USC instructor’s film “Soldier Girl” shows women’s struggle for acceptance in military
Cindy Williams didn’t tell anyone about her years in the military after she returned to civilian life in 2003, including how she was gang-raped by fellow soldiers.
“I didn’t tell anyone for almost 20 years until I came home from Kuwait. I just really couldn’t deal anymore with anything and I was suicidal,” Williams says in a documentary about women in the military. “I watched my life fall apart. I lost my job. I lost my children. I lost my home. I lost my sense of who I was. I lost my identity.”
Williams and 30 other South Carolina female veterans share their military experiences in “Soldier Girl,” a documentary by Cathy Brookshire, a University of South Carolina instructor in speech communication and rhetoric.
“The public makes assumptions of life in the military based on simplistic notions of what a military life consists of, particularly for women in the service. They have no idea of what it’s like out there,” said Brookshire, whose passion for the female soldier’s story was ignited in part by a NPR segment on the military she listened to that didn’t include a single woman.
Kashunie Edwards’ experience wasn’t behind a desk. It was in the field for the U.S. Army 1991-95.
“Here I am about to take mother away from her child and not to even think about it because it is survival at that point,” Edwards said. “You still don’t get the equality of it all as a female in the military but we are fighting just as hard as the men.”
The 30-minute film provides a look at the lives of women who served in every branch of the military from the Coast Guard to the Marines from World War II to the wars in Afghanistan and Iraq. It was first screened at USC’s Women and Gender Studies Conference this past spring.
Working with film editor Lee Ann Kornegay, cameraman James Henderson and biology student Tori Brown, Brookshire and Dr. Hunter Gardner, a USC classics professor and project co-director, interviewed veterans around the state during the spring and summer last year.
The women joined the military for educational opportunities, steady and equal pay or the lure of travel. Some of the women, having grown up in military families, felt it was something they should do.
None of those reasons applied to Mary Jane Matthews, a Marine in World War II. Her reason was more personal.
“My boyfriend was killed on the Arizona on Dec. 7, and that was it,” Matthews said. “He was one of the few Marines on the Arizona. I immediately signed up, but it hadn’t been organized yet, so I had to wait for them to get it organized.”
As the roles of women in the military changed from traditional office positions to field duty, the regard for women changed. Sexual harassment was commonplace.
“There was no one to go to file a complaint of harassment,” said Susan Jarvie, an academic adviser in USC’s College of Engineering and Computing who served in the Air Force 1976-79 and 1980-82. “You just had to put up with it because that was the price of being on the flight line and you had to find a way to fight them back.”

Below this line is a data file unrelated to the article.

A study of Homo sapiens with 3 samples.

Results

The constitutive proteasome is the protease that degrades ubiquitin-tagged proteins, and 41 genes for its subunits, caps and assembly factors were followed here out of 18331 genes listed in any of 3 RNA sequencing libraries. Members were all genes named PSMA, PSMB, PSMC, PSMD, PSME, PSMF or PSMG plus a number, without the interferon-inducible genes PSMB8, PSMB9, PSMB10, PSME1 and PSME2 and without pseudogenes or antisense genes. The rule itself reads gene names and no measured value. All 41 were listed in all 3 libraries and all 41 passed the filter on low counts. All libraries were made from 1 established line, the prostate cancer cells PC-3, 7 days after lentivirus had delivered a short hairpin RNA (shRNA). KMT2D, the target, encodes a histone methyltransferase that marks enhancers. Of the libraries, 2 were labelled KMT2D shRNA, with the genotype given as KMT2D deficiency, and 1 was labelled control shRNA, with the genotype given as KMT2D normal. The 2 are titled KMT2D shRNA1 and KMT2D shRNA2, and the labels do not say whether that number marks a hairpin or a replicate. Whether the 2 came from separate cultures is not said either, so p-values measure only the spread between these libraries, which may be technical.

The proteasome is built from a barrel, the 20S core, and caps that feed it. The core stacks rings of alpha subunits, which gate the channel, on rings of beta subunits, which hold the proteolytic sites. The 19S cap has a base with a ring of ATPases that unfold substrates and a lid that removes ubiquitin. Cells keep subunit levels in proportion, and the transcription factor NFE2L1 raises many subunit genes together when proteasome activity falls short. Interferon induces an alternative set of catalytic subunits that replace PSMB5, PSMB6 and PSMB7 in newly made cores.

The women described the hardship of having to leave children for a tour of duty and the impact of battlefield horrors.
Rebekah Haverilla, an explosive ordinance disposal specialist in the Army 2004-08, receives counseling for her experiences.
“This guy had blown himself up outside a barbershop and this was my first suicide bombing,” Haverilla said. “Guys were like, ‘Here, chew this gum to help take some of the smell out of your nose and mouth.’ At that point he is in pieces. My coping mechanisms were a nonreality. It was like a video game of sorts.”
Haverilla and others in the film emphasize the importance of greater recognition of female soldiers and their needs for health care and other support services.
“We all know what we are doing out there,” said Jennifer Morse, a loadmaster in the Army. “We signed up for it. Just support us.”
“Soldier Girl” is part of larger project called “Always Coming Home: South Carolina Women Veterans” that includes the editing and publishing of an anthology of poetry by Dr. Charlene Spearen, an associate director of the university’s South Carolina Poetry Initiative.
Brookshire said USC’s Moving Image Research Collections is digitizing and archiving the interviews collected for the documentary to make them more accessible to the public and researchers.
The Center for Digital Humanities is building an interactive website for the project and the South Carolina Initiative on Veterans and Military Mental Health is using the archives to help train graduate students to work with veterans in distress.
“Every single female veteran felt what they had done in the service had great meaning and importance. Almost all, despite everything, said it was a transformative experience that left them stronger,” Brookshire said. “They told us that fears don’t conquer them; they conquer fears. These are amazing, courageous women who never gave up and never gave in.”
Brookshire said plans call for the film to be screened at festivals throughout South Carolina. A slightly shorter version will air on S.C. ETV’s “Southern Lens” program over the Veterans Day weekend.